Good question you ask there. Definitely one that must have crossed the minds of many people (including myself) at one point or another.
The idea of moving a physics worker (for example) closer to the clients for which it manages the characters might definitely make sense from the perspective of an immediate benefit to the client. However things are, unfortunately, not that easy and you might actually, counter-intuitively, reduce the overall experience a player has.
A core element in all of this is the very latency that you are mentioning yourself. Let’s take a simple but effective example where we would use such a decentralised deployment strategy:
- A, B are clients / players located in the same geographical region (e.g Central-Europe) but your game also has player C in USA-West.
- The deployment uses 2 nodes (i.e cloud instances): 1 & 2 which are located respectively in Europe and the US.
- The deployment runs many workers amongst which X, Y and Z are physics workers.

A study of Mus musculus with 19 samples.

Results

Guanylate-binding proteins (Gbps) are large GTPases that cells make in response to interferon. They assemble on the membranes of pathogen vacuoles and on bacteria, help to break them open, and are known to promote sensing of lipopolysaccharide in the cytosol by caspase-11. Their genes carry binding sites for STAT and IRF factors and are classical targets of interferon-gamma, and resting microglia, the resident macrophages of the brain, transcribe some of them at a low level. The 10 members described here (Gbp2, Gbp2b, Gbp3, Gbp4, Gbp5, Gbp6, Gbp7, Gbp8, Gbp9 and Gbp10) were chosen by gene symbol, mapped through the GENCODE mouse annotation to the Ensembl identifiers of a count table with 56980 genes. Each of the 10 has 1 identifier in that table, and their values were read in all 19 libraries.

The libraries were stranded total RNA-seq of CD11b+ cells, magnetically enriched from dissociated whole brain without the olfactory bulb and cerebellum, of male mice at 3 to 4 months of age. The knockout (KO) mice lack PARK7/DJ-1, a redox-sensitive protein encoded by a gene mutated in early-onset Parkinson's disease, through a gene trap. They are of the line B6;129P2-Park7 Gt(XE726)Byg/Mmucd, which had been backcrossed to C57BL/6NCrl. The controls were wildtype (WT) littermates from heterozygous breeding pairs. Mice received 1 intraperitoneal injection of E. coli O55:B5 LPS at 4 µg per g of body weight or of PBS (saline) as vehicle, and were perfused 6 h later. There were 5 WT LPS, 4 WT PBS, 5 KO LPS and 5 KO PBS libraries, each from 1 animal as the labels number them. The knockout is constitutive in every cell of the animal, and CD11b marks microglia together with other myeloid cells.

Now let suppose that your game is the average MMORPG with a focus around open-world raids because SpatialOS encourages you to have vast worlds where there is no need for instancing, etc.
Initially A, B and C all play their own quests in different parts of the world and are actually managed by different physics workers (A -> X, B -> Y, C -> Z). All good you might say and you could put X and Y on node 1 and Z on 2.
Now it happens that A, B and C are friends and want to play together and join the same raid. This means they will end up in the same part of the world which will be managed by the same physics workers (let’s assume X). Now this means that while A and B will be playing fine with a close-by physics worker but C would suffer from a cross-Atlantic round-trip latency. The same would happen if they end up on Z which runs in the USA, with A and B suffering from the significant round-trip.
Even more interesting would be when the players move across the world together and they move from X to Z (or vice-versa). At that point their latency would jump and the boundary area in the world where the authority regions of X and Z meet will be not a nice place to play. X and Z themselves would significantly suffer from the lag between the two of them without even taking the players into consideration.
For all the above reasons, as well as for many more, there are considerable advantages in keeping all nodes of a deployment in the same datacenter / availability region. Or… to put it differently:
SpatialOS makes it far more easy to scale up your worlds without bothering too much about network-code but it does not however abolish the speed of light.